United States to host Rugby World Cup and pledges not to ‘do a Qatar’

·4-min read
  • US to host men’s 2031 and women’s 2033 editions for first time

  • Organisers aim to avoid clash with the NFL season


The groundbreaking 2031 Rugby World Cup in the USA may have to move to July and August to avoid a clash with the NFL after organisers vowed not to “do a Qatar”.

World Rugby’s council rubber-stamped the decision to award the next five men’s and women’s World Cups at a meeting in Dublin on Thursday with Australia awarded the 2027 tournament, 24 years after hosting the 2003 competition in which England were crowned champions.

Related: We can build it, they will come: a USA Rugby World Cup will be a gamechanger | Will Hooley

The USA has been awarded the men’s competition in 2031 and the women’s tournament in 2033 with organisers optimistic of generating $1bn in revenue from ticket sales alone. By comparison, the 2019 World Cup in Japan made around £350m from ticketing income.

With the NFL season traditionally beginning in early September, however, World Cup organisers are wary of failing to capture the imagination of the American public with any clash.

Citing the Fifa men’s World Cup which takes place in November and December in Qatar, in the middle of the season for the major European leagues, World Rugby confirmed a move to the summer is likely. That in turn, however, could cause problems for the dates of the 2030-31 season for domestic leagues and could see players running out in sweltering temperatures depending on the host cities.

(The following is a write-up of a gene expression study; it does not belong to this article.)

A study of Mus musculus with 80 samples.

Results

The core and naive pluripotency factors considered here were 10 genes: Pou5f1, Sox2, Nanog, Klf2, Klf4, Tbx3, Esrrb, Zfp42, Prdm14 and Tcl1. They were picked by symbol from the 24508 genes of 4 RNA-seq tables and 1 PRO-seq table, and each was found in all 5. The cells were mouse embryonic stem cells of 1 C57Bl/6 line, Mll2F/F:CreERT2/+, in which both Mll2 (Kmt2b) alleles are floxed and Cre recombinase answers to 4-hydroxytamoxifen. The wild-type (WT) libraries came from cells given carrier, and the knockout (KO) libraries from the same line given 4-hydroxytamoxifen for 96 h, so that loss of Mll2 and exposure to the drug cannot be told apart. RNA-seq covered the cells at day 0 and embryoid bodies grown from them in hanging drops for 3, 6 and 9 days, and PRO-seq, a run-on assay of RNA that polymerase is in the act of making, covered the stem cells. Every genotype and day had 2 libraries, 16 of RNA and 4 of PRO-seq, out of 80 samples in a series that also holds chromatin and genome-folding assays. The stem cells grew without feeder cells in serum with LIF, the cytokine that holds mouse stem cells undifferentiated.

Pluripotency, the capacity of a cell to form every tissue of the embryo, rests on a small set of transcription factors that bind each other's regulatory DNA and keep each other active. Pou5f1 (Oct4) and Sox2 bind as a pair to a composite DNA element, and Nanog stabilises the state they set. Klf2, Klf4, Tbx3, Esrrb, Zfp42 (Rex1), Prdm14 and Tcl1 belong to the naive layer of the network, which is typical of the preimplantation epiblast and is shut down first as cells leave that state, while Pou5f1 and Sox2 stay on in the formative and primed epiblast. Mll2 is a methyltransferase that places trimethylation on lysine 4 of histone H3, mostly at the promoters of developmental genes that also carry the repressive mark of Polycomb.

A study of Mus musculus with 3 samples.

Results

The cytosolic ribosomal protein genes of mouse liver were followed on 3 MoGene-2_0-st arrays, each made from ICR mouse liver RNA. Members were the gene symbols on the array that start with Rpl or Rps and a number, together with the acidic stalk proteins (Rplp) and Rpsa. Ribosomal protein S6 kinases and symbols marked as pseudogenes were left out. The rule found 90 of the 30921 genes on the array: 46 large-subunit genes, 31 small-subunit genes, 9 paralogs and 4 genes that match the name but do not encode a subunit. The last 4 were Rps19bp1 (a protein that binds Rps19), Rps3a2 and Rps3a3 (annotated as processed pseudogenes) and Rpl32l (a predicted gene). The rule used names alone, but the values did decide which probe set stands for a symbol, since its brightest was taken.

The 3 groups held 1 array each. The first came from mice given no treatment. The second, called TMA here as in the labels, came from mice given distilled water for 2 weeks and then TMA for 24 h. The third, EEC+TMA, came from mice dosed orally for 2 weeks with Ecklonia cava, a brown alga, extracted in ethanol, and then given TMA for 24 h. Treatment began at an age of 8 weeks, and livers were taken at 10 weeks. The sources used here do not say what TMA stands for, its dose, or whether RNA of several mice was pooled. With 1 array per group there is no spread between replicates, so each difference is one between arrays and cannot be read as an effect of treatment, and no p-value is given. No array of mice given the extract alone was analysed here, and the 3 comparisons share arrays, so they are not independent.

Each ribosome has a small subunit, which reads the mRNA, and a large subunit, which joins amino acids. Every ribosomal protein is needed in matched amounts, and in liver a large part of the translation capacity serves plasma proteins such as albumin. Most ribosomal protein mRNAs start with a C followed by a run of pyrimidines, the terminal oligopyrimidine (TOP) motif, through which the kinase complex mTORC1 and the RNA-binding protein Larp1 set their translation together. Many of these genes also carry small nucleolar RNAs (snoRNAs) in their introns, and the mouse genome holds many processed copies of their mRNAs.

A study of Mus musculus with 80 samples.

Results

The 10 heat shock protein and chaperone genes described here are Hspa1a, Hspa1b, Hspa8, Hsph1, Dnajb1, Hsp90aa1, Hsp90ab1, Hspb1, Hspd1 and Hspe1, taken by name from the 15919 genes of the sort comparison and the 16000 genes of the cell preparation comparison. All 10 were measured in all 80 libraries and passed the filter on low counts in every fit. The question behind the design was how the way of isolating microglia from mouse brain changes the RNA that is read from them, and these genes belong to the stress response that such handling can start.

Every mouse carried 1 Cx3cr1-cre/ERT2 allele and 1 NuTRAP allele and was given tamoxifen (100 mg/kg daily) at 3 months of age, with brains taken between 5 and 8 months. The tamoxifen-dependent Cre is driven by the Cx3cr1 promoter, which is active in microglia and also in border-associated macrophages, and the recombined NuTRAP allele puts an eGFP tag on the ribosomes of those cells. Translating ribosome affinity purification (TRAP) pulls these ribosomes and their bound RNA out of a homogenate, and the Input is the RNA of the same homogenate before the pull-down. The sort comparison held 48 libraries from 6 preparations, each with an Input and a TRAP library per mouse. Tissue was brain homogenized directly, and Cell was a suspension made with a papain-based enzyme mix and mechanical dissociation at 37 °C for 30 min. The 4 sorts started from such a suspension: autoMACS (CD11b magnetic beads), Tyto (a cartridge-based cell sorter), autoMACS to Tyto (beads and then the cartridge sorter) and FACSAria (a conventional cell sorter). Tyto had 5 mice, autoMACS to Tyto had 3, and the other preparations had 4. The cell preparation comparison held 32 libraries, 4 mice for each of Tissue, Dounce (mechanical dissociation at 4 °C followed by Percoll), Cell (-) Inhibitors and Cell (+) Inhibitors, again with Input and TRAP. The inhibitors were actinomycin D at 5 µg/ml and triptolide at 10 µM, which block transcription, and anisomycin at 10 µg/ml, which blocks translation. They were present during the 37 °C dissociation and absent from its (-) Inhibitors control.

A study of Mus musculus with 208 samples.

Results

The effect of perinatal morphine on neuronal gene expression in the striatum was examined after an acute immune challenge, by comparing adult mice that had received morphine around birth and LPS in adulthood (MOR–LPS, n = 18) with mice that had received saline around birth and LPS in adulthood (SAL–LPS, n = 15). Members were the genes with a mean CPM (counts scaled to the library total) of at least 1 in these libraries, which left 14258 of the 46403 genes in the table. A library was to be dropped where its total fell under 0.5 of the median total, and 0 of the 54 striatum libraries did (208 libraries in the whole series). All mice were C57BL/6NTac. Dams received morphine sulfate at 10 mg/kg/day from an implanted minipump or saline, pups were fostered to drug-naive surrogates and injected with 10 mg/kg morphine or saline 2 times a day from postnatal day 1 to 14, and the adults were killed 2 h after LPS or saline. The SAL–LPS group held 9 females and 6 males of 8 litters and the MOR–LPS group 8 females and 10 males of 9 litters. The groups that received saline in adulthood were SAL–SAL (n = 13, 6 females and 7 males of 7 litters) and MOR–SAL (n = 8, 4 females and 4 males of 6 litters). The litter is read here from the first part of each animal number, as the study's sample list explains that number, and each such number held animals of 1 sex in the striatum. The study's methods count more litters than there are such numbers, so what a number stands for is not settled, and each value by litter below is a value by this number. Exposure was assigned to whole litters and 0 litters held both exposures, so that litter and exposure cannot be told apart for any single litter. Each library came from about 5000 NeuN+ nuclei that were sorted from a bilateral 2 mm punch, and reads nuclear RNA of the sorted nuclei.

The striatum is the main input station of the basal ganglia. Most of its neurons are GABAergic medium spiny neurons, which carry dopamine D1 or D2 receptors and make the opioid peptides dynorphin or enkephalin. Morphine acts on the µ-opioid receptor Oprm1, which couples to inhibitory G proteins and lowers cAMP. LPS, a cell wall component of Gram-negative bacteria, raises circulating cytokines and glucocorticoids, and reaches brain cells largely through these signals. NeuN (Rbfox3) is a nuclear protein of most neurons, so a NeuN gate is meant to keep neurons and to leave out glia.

“If you think about the previous Rugby World Cup in Australia back in 2003, it was slightly later than what is now our World Cup window,” said World Rugby’s chief executive Alan Gilpin. “The US would probably ideally be slightly earlier. And again, what we now need to do with the certainty we’ve got from today, is spend the time thinking about what the benefits and challenges are in that. And a lot of that will involve some really sort of grown-up discussions with professional leagues around the world and the impacts that could have on their seasons. We’re not going to do a Qatar and just plonk it in the middle of a lot of other competitions. There are those considerations to have.”

The decision to take the World Cup to the USA is bold considering they may not even qualify for the 2023 competition but the commercial opportunities have proved irresistible with the World Rugby chairman Bill Beaumont citing the “golden nugget”. Organisers predict they will sell more than three million tickets – 2.6m were made available for France 2023 – despite the comparatively low profile of the sport in the country. “We have 28 venues of over 60,000 and a couple of over 100,000,” said USA Rugby’s chief executive, Ross Young. “The tough part will be engagement. It’s not going to be easy but taking 48 games around the country is eminently achievable.”

Indeed, Gilpin revealed that not only would organisers seek to avoid a clash with the NFL but they could partner with franchises to increase engagement. He added: “What’s been interesting in a lot of the discussions around it is the supportive nature of, for example, all the NFL franchises. So, can we be smart around that? If we can harness a little bit of a partnership with NFL franchises around hosting, the ability that gives us to really make this thing come alive quickly will be fantastic.”

While Australia were awarded the 2029 women’s World Cup, England – the favourites for this year’s competition – were confirmed as the hosts in 2025. The stated aim is to sell out Twickenham for the final and it is understood the Rugby Football Union has secured £14.5m in government funding for its legacy programme. The RFU’s chief operating officer, Sue Day, confirmed they will look to Euro 2022 in England this summer, for which tickets sold out in less than an hour, as a blueprint. She said: “Football is a few years ahead of us so we’d be crazy not to try and learn from them. We have to learn lessons from each other, these are events that make women’s sport bigger and better, we need to do it together.”